There's so much content on the Internet. This is why it is very important these days to develop more unique content for your products and website pages.
Your customers need compelling and unique content because it:
Using unique content is very important to search engines as well. Using text from a data feeds or copying and pasting from a manufacturer's product description is easy. But, it has negative SEO consequences. Google Panda updates taught a lot of content farms and retailers the importance of having high-quality, original content on their web-pages.
Coincidentally, once you create this unique text... Be stingy with it! Your content isn't "unique" once you share it through product feeds to affiliates and shopping engines.
What content do you need? How much text? How many different pages? Do you really need 400-500 words on every single product?
The first thing we do is look at is what the manufacturer provides. This content gives you some ideas for what features to touch on. But it should be re-written in your own words and avoid the use of jargon. Simply turning manufacturer text into plain English is sometimes enough for smaller product pages.
Decide what pages you need to create
The type and number of pages you create depends on the size and scope of the product. As a retailer, you usually have a pretty good idea what's going to sell and what's not. If your best-selling line has a complete relaunch every few years, that event is going to need to put more work into it than a new book or $5 accessory.
A good rule of thumb is to associate dollar value of the product to content creation.
The "$100 Paragraph Rule".
For your top 200 products, write a good 3-4 sentence paragraph for every $100 in the item price. For example, a product which retails for $699 equals 7 paragraphs, which is just about right. The higher the price the item is, the more effort you should put into creating the product page content.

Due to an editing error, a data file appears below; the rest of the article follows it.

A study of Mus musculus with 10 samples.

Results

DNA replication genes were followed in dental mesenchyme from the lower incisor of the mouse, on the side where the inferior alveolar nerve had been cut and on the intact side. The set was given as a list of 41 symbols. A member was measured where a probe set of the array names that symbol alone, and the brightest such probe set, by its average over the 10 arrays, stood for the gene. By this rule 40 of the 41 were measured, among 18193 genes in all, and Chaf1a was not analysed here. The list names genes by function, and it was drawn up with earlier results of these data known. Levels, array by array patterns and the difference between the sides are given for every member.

Next, re-edit and organize this content into usable structure.
If you were ever taught the "inverted pyramid" style - to write so that the story made sense even if you stopped halfway through. Or, if marketing people need to cut a few paragraphs off the end to make your story fit the space available. The same style works great for the Web.
Be concise for the folks who just want the basics. Hit the high points of a product in the first paragraph or two, and make a solid recommendation on what they need.
People scan when they read on the Web. They want the high points.
* Use bullet points, keeping the text on a single line
* Boldface important terms
* Edit text to be as concise as possible
* Keep paragraphs short.
* The first time you use a new word, define it.
* Turn features into benefits.
* Write compelling headlines with call to action.
Write with SEO in mind, but don't get obsessive
* Do a little SEO keyword research using the Google Keyword Tool.
* Name products using keywords that customers use.
* Use the product name / keywords instead of pronouns.
* Mark up your HTML with headers, (h1, h2, h3) and internal anchors (some CSS knowledge required.
* Use your best SEO keywords in anchor text in links.
Writing unique content is vital for online retailers. Simply copying and pasting manufacturer text for your product descriptions or using data feeds verbatim is a sure-fire way to shoot your SEO in the head, since Google tends to discriminate against duplicate content. Retailers who create unique, compelling content give themselves a distinct advantage over their competitors who don't.